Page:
Survey finds “shocking and saddening” lack of Holocaust knowledge among millennials and Gen Z

A new survey has yielded “shocking and saddening” results, showing millennials and Gen Z have a “worrying lack of basic Holocaust knowledge,” according to the Conference on Jewish Material Claims Against Germany (Claims Conference).

The U.S. Millennial Holocaust Knowledge and Awareness Survey, which was commissioned by the Claims Conference and conducted by Schoen Cooperman Research, is the first 50-state survey on Holocaust knowledge among millennials and Gen Z, according to a Wednesday press release. 

Through the survey, the Claims Conference calculated Holocaust “knowledge scores” using the percentage of millennials and Gen Z adults who met all three criteria: they have definitively heard about the Holocaust, the can name at least one concentration camp, death camp, or ghetto, and they know that 6 million Jews were killed in the Holocaust.

Sixty-three percent of survey respondents did not know 6 million Jews were killed during the Holocaust, Claims Conference says.

Thirty-six percent thought that “two million or fewer Jews” were killed during the Holocaust, and 48% could name a single camp or ghetto established during World War II, despite the fact that there were more than 40,000 of them.

“In perhaps one of the most disturbing revelations of this survey, 11 percent of U.S. Millennial and Gen Z respondents believe Jews caused the Holocaust,” Claims Conference writes. 

Nearly 20% of millennials and Gen Z in New York feel the Jews caused the Holocaust, the survey, which analyzed state-by-state results, found.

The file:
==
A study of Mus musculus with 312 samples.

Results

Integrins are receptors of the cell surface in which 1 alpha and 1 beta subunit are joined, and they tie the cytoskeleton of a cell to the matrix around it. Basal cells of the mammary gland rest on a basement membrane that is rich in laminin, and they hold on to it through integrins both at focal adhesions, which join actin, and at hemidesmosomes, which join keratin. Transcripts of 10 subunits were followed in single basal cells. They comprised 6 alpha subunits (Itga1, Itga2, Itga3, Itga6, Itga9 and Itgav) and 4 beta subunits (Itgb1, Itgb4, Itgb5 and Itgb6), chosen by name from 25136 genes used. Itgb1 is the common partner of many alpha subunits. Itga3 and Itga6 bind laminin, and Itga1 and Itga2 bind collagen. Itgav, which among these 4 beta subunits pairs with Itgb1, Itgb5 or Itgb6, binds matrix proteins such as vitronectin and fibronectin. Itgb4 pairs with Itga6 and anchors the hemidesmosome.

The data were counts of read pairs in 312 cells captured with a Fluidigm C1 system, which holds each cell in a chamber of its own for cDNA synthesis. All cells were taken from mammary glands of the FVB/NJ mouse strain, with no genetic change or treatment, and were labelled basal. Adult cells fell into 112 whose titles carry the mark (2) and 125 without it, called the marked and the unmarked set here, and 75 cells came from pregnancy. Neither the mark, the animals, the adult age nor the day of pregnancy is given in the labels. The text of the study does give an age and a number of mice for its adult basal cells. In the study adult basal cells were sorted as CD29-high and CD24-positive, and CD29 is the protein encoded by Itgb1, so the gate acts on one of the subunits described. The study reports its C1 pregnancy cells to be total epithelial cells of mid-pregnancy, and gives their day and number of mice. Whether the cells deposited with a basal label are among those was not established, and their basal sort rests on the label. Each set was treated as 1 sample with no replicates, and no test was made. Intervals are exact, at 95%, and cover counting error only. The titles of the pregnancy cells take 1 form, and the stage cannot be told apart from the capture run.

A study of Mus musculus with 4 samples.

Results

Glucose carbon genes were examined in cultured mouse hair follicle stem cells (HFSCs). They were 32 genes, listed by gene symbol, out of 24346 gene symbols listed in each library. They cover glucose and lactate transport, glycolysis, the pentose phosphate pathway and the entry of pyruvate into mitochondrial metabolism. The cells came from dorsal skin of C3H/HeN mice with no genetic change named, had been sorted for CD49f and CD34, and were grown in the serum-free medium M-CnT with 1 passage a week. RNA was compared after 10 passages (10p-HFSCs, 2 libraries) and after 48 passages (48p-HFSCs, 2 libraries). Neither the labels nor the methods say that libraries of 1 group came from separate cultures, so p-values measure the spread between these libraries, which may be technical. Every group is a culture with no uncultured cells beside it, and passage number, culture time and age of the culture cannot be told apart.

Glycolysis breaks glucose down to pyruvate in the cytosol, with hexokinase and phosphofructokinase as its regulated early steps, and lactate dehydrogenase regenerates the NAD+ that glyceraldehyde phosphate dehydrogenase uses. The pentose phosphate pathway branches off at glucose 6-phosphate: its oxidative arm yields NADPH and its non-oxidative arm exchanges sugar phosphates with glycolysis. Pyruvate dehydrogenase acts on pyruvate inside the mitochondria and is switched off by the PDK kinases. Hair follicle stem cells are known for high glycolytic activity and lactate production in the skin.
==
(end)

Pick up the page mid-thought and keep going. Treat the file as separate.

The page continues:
Wisconsin scored the highest in Holocaust awareness, with Arkansas showing the lowest Holocaust knowledge. Seventeen percent of millennials and Gen Z in Alabama did not meet the criteria used in the study to measure Holocaust knowledge. 

Wisconsin, Minnesota, Massachusetts, Maine, Kansas, Nebraska, Pennsylvania, Idaho, Iowa and Montana had the highest Holocaust knowledge scores, while Alaska, Delaware, Maryland, New York, Georgia, Hawaii, Louisiana, Florida, Mississippi, and Arkansas had the lowest. 

Respondents – adults aged 18 to 39 who were selected at random – were also asked if they had seen Nazi symbols on social media platforms or in their community and 30% said they had. Seventy percent of respondents in Nevada had seen Nazi symbols on social media or in their community. 

Forty-nine percent of millennials and Gen Z have seen Holocaust denial or distortion posts on social media or elsewhere online, Claims Conference said, calling the finding “troubling.” 

“Not only was their overall lack of Holocaust knowledge troubling, but combined with the number of Millennials and Gen Z who have seen Holocaust denial on social media, it is clear that we must fight this distortion of history and do all we can to ensure that the social media giants stop allowing this harmful content on their platforms,” said Claims Conference Executive Vice President Greg Schneider. “Survivors lost their families, friends, homes and communities; we cannot deny their history.” 

Fifty-nine percent of respondents indicated they believe something like the Holocaust could happen again, a finding that Claims Conference called “a disturbing sign of the times.” 

“The results are both shocking and saddening and they underscore why we must act now while Holocaust survivors are still with us to voice their stories,” Claims Conference President Gideon Taylor said. “We need to understand why we aren’t doing better in educating a younger generation about the Holocaust and the lessons of the past. This needs to serve as a wake-up call to us all, and as a road map of where government officials need to act.”

Claims Conference said the lack of Holocaust knowledge is a growing problem, since only a few Holocaust survivors are alive to share the lessons of the Holocaust.